Arctostaphylos glauca is a species of manzanita known by the common name bigberry manzanita. It is native to California and Baja California, where it grows in the chaparral and woodland of coastal and inland hills.
Arctostaphylos glauca is a large shrub varying in size from one to well over six meters in height. Individuals growing in desert regions tend to be shorter than those on the coast. Leaves are light gray-green, somewhat waxy, oval in shape to nearly round, and smooth or toothed along the edges. They are up to five centimeters long and four wide and grow on short petioles about a centimeter long.
The inflorescence holds hanging clusters of narrow urn-shaped white flowers. The edible fruit is a round or egg-shaped drupe 12 to 15 millimeters wide. It is light red in color and has a thick pulp covered in a tough, sticky coat. The fruit contains three to six nutlets fused into a single mass. The shrub reproduces by seed and by layering. Seeds require exposure to fire before they can germinate.
It is a long-lived species, reaching 100 years of age or more, though it does not begin to fruit until it is around 20 years old. The shrub is allelopathic, inhibiting the growth of other plants in its understory when rain leaches toxic arbutin and phenolic acids from its foliage.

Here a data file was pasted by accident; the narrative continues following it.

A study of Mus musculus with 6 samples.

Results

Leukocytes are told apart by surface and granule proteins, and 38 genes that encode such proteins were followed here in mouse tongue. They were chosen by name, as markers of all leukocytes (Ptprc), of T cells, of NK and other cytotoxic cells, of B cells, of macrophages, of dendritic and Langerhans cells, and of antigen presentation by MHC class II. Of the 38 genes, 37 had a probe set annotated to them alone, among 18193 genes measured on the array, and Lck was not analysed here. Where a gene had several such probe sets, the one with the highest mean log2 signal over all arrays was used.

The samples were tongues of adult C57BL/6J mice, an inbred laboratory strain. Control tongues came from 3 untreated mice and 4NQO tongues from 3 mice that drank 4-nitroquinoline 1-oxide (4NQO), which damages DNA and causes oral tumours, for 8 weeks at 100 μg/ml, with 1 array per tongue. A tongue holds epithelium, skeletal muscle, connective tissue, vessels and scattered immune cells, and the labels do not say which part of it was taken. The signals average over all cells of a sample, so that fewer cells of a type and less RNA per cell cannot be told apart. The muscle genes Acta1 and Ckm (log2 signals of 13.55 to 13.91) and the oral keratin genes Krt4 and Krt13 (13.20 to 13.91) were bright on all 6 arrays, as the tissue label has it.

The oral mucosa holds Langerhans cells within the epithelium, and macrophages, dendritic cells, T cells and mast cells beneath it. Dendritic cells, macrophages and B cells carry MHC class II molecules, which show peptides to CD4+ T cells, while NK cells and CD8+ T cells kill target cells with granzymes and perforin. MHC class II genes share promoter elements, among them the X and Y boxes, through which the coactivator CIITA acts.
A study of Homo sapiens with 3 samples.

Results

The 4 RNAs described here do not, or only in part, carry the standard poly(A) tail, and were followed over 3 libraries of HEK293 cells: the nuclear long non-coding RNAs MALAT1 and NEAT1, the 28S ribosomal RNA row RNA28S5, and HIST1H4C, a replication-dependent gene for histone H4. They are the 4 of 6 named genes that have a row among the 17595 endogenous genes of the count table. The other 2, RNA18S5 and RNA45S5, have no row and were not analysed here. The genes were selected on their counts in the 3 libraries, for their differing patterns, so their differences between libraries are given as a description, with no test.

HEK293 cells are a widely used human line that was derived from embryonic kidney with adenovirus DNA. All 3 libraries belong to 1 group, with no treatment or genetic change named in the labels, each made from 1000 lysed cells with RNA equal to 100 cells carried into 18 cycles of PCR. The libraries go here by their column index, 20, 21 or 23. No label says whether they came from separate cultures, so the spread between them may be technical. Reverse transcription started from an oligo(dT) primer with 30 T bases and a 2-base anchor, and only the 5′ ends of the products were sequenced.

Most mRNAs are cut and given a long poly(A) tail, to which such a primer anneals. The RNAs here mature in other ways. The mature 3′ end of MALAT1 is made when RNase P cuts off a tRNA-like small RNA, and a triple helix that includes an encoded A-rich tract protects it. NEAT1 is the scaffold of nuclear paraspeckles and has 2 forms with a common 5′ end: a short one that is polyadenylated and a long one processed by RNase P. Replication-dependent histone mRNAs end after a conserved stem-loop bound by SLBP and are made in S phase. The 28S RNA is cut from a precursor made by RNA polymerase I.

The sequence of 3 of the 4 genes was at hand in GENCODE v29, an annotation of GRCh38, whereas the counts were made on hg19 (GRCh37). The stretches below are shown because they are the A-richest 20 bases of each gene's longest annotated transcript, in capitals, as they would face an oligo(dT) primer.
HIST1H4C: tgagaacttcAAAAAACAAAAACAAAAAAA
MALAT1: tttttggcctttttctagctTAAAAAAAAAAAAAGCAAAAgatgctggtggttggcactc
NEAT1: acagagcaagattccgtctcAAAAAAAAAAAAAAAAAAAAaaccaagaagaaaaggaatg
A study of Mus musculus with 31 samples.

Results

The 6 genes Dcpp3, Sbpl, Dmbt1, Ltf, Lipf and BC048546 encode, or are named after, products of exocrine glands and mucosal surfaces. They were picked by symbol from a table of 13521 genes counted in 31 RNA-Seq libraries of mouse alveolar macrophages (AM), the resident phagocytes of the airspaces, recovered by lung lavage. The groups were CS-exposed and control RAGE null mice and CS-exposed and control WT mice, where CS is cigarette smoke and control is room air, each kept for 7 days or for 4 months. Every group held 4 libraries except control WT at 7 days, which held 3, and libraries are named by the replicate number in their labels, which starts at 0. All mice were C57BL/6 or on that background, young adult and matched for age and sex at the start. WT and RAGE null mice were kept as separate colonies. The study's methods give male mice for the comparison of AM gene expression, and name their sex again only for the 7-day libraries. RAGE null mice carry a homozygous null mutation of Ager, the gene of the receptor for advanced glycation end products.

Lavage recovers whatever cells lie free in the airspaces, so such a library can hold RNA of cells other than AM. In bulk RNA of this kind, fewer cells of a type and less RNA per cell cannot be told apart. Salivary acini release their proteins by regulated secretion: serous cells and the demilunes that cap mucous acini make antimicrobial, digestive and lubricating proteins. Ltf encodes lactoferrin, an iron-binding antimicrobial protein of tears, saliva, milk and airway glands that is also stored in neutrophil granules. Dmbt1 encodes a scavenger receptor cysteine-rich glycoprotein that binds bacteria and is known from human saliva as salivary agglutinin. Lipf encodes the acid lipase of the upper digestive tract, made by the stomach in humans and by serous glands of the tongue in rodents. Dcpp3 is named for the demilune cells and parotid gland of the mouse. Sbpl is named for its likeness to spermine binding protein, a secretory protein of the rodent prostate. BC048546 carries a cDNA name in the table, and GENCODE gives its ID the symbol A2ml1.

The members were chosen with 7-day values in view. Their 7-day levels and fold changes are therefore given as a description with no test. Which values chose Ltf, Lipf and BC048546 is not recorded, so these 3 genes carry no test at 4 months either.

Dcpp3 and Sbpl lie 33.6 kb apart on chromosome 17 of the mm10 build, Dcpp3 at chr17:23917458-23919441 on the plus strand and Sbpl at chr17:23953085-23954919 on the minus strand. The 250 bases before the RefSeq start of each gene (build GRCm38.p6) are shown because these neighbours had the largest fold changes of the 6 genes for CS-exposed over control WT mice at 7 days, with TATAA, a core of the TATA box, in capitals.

Despite their constipating effects, the fruits were eaten by the Native Americans of California, who also made the ripe fruit into a cider.
- California chaparral and woodlands
- California coastal sage and chaparral
- California montane chaparral and woodlands
- Botanic Gardens Conservation International (BGCI) & IUCN SSC Global Tree Specialist Group (2019). "Arctostaphylos glauca". The IUCN Red List of Threatened Species. IUCN. 208. e.T144282654A149001453. doi:10.2305/IUCN.UK.2019-2.RLTS.T144282654A149001453.en.
- Peattie, Donald Culross (1953). A Natural History of Western Trees. New York: Bonanza Books. p. 674.